Do Police Need a Warrant to Obtain Cell Phone Access?

Likely everyone knows that the fourth amendment guarantees protection against unlawful search and seizure of personal person, property and belongings. Recent headlines have brought up questions on how this amendment should be applied when considering data technology like cell phones. Legal experts are following a case where a robbery suspect was apprehended and gave up the cell phone numbers of other suspected robbery accomplices. Police did not get a warrant prior to accessing the location records of a suspect’s cell phone using The Stored Communication Act to obtain the information.


The message of this article discusses potential cell phone access issues. Carpenter v. United States is in the hands of the Supreme Court awaiting a ruling. This legal issue can potentially affect any United States citizen that uses a cell phone. In the mentioned case, robbery suspect Carpenter is arguing that his fourth amendment rights were violated by the actions of law enforcement that unlawfully gained location GPS tracking movements from his personal cell phone. His cell phone was determined by pings off cell phone towers to be in the vicinity of the locations where burglaries took place at the same time when several different burglaries happened.


Carpenter is arguing that the information gained was a result of illegal search and seizure activities by the law enforcement officers working the burglary cases. He wants the cell phone location data to be inadmissible thereby gaining his freedom. Law enforcement only obtained the location data, and times of phone calls during the burglaries. No personal cell phone data other than that was obtained. This case has the potential of changing or establishing the legalities of electronic personal data collection procedures legal by law enforcement. Many are watching this groundbreaking case that magnifies what a person can deem to be kept private in the matter of technologically advanced communication devices like cell phone records.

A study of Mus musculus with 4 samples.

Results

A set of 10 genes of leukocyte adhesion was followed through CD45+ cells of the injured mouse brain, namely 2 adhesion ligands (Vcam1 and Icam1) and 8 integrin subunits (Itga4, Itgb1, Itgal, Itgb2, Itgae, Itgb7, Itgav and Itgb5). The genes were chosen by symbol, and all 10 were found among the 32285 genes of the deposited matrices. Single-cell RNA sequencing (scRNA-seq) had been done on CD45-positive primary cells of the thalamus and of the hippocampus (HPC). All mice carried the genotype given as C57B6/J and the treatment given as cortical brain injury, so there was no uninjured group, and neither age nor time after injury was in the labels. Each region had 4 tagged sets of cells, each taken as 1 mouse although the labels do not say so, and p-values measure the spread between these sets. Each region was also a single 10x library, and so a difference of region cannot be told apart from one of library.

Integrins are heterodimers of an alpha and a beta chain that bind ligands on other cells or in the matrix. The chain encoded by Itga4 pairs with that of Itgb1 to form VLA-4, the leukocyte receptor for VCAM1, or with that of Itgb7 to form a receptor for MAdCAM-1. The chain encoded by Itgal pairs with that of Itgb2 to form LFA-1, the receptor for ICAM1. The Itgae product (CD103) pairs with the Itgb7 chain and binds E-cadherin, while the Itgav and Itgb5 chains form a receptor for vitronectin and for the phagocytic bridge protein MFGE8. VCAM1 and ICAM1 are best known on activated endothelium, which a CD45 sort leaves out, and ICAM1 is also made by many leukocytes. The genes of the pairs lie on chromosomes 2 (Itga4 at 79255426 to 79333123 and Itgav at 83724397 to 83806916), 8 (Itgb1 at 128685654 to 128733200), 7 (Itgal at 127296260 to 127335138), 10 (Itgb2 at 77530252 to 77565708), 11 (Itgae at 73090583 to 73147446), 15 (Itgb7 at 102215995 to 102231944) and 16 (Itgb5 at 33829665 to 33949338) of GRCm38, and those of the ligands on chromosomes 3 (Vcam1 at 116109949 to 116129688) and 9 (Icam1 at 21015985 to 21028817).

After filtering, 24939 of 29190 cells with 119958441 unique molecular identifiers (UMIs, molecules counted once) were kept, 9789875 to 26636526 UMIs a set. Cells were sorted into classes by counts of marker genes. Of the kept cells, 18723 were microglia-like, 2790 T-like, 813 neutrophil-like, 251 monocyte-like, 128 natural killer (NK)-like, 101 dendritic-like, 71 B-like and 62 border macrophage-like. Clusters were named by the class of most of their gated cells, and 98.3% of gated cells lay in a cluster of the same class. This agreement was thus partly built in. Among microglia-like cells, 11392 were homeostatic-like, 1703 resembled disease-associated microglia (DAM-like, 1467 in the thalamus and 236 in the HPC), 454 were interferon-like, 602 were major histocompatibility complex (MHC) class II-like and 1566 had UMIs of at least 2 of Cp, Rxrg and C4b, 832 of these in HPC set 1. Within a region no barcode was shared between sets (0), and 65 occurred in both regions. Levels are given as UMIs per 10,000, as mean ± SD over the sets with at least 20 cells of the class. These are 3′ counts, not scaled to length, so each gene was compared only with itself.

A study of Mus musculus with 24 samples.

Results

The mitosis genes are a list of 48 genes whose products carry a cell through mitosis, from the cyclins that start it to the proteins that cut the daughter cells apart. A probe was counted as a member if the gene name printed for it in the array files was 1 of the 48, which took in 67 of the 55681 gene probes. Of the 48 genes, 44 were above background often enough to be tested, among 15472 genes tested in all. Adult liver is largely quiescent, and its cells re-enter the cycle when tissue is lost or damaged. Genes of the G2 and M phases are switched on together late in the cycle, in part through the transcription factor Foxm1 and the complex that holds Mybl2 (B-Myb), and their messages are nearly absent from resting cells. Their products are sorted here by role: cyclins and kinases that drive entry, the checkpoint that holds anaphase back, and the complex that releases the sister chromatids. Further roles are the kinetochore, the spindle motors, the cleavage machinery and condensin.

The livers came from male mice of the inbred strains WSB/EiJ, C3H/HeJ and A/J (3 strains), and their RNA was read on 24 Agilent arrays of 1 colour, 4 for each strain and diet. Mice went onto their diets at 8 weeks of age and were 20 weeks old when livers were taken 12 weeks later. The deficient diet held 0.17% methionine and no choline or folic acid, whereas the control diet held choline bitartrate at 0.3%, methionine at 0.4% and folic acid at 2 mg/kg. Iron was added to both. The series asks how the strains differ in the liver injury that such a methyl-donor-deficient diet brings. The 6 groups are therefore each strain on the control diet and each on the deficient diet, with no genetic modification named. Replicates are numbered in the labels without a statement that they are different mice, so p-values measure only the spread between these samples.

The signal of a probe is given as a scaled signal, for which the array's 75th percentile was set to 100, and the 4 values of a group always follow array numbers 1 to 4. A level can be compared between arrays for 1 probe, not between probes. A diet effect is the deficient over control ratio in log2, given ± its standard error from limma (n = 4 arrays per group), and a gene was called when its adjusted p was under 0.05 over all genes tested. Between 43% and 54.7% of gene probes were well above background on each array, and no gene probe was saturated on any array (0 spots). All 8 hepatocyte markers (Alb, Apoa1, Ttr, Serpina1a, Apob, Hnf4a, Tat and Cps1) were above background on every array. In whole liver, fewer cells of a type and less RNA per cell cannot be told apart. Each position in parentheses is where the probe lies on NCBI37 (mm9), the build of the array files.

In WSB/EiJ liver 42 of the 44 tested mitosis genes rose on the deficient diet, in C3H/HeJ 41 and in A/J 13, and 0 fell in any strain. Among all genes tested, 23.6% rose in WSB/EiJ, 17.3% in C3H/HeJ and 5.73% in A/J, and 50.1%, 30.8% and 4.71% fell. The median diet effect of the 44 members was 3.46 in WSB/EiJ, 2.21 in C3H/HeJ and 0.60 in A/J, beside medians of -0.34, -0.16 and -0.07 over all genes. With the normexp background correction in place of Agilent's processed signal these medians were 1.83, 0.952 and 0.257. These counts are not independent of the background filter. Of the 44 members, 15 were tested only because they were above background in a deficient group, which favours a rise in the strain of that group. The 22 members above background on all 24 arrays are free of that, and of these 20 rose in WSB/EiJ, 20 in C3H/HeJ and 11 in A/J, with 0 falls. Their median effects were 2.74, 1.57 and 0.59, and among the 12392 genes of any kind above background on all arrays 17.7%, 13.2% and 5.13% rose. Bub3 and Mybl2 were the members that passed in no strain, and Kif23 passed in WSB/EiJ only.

Private citizens have the right to privacy involving their persons and property unless law enforcement obtains a search warrant. To do this, law enforcement officers need to prove to a judge that they have probable cause for the search. This new digital age that we are living in has presented some major new legal questions that the courts are busy trying to decipher. This case involved a third party that shared the cell phone owner’s tracking by cell phone location movements in order to establish that the cell phone was in close proximity to the establishments that were robbed.


The big question for the Supreme Court Justices to decide is whether a private citizen has the reasonable expectation of privacy in the matter of cell phone tracking technologies. Other recent court rulings in similar type cases have varied somewhat and are not fully explained. If the high court rules that the search was illegal due to the officers neglect to obtaining a valid search warrant, an accused bank robber will go free. Many individuals are concerned over the rights of the government and police officials in matters involving personal data information stored on their electronic technological devices such as social media sites like Facebook and Twitter, and on personal computers and now cell phones. Individuals wanting legal careers can now get an online Master of Laws degree.